With its palm-lined cobbled promenade, stunning beaches and vibrant town centre, Argostoli is the perfect place to soak up the glorious Mediterranean sunshine while enjoying unique Greek culture. Surrounded by gorgeous azure waters and boasting a beautiful natural harbour, Kefalonia’s is also the island's largest port town.
Despite being a modern, commercial town, Argostoli’s tradition and heritage oozes from its charming architecture, vibrant squares and pretty landscapes.[ReadMoreMob] Lithostroto – the main street in the town centre – is the hub of the town and home to a number of shops, cafes, bars and restaurants. Kampanas Square – found in the middle of Lithostroto – offers superb views of the town and the beautiful Koutavos Lagoon.
Just a short distance from the town centre you will discover the impressive Agion Theodoron Lighthouse. Rebuilt in 1953 after an earthquake destroyed the original 19th century building, the lighthouse has a unique design that features 20 columns and a small tower.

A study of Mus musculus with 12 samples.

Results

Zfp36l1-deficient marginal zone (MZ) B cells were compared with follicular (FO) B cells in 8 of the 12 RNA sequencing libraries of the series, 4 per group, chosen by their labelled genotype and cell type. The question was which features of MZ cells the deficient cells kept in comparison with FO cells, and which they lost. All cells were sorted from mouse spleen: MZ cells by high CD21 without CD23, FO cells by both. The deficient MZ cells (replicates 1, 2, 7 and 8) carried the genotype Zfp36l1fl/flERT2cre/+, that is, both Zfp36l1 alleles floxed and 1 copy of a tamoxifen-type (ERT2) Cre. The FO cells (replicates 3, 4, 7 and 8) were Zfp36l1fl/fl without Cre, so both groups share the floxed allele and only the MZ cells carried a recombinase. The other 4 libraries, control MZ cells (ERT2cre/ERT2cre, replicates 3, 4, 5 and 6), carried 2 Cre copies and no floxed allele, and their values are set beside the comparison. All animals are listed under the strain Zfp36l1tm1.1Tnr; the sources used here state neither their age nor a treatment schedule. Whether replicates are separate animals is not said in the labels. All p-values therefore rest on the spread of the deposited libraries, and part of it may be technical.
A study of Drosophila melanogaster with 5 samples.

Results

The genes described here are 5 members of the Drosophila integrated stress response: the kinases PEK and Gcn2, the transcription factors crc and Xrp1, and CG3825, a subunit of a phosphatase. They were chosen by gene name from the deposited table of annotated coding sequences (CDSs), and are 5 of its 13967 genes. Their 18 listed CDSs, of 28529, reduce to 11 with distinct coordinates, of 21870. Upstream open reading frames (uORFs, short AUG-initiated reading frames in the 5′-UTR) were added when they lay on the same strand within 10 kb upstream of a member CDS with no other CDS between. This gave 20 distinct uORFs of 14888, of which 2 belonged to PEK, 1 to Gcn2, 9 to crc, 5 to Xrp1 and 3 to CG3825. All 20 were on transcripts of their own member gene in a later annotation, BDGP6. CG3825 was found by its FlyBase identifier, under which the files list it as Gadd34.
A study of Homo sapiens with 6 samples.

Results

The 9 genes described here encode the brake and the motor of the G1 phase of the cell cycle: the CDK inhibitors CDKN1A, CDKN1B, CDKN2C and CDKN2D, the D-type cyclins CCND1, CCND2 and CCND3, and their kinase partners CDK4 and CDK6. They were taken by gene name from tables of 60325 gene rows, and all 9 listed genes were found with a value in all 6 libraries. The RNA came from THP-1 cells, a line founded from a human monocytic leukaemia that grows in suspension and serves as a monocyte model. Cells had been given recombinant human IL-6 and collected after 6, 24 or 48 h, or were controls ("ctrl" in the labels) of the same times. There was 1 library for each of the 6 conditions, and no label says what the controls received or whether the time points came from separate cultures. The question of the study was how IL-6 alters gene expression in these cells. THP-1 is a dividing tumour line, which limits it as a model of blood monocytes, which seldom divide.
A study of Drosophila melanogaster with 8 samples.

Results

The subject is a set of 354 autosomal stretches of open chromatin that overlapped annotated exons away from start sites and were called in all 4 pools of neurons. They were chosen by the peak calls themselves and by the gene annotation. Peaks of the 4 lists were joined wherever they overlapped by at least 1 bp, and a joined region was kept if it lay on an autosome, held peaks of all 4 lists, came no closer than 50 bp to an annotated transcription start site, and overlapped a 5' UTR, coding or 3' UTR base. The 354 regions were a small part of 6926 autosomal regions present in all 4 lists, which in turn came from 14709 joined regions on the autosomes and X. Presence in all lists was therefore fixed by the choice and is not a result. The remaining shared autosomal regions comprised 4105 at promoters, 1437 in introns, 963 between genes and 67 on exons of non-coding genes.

Mount Ainos National Park
Set in an area of more than 3,000 hectares, two thirds of this park is covered by an endemic species of black fir, which clings to the slopes of the mountain range. Amongst the dense woodland landscapes, an abundance of wildlife can be spotted too - explorers of the park should be on the lookout for beautiful semi-wild horses in particular.
Monastery of Agios Gerasimos
Saint Agios Gerasimos, Kefalonia's patron saint, spent his first five years in Kefalonia in a cave in Lassi before establishing a monastery to care for the poor. After his death, Agios' body never decomposed and is displayed in the monastery, with many people believing that he continues to watch over them today.
Robola is indigenous to Kefalonia; these grapes range across 3,500 acres and The Cooperative Winery produces around 85% of the wine. On the 18th of August each year, there's a celebration of this wine which is enjoyed by proud locals and interested visitors alike.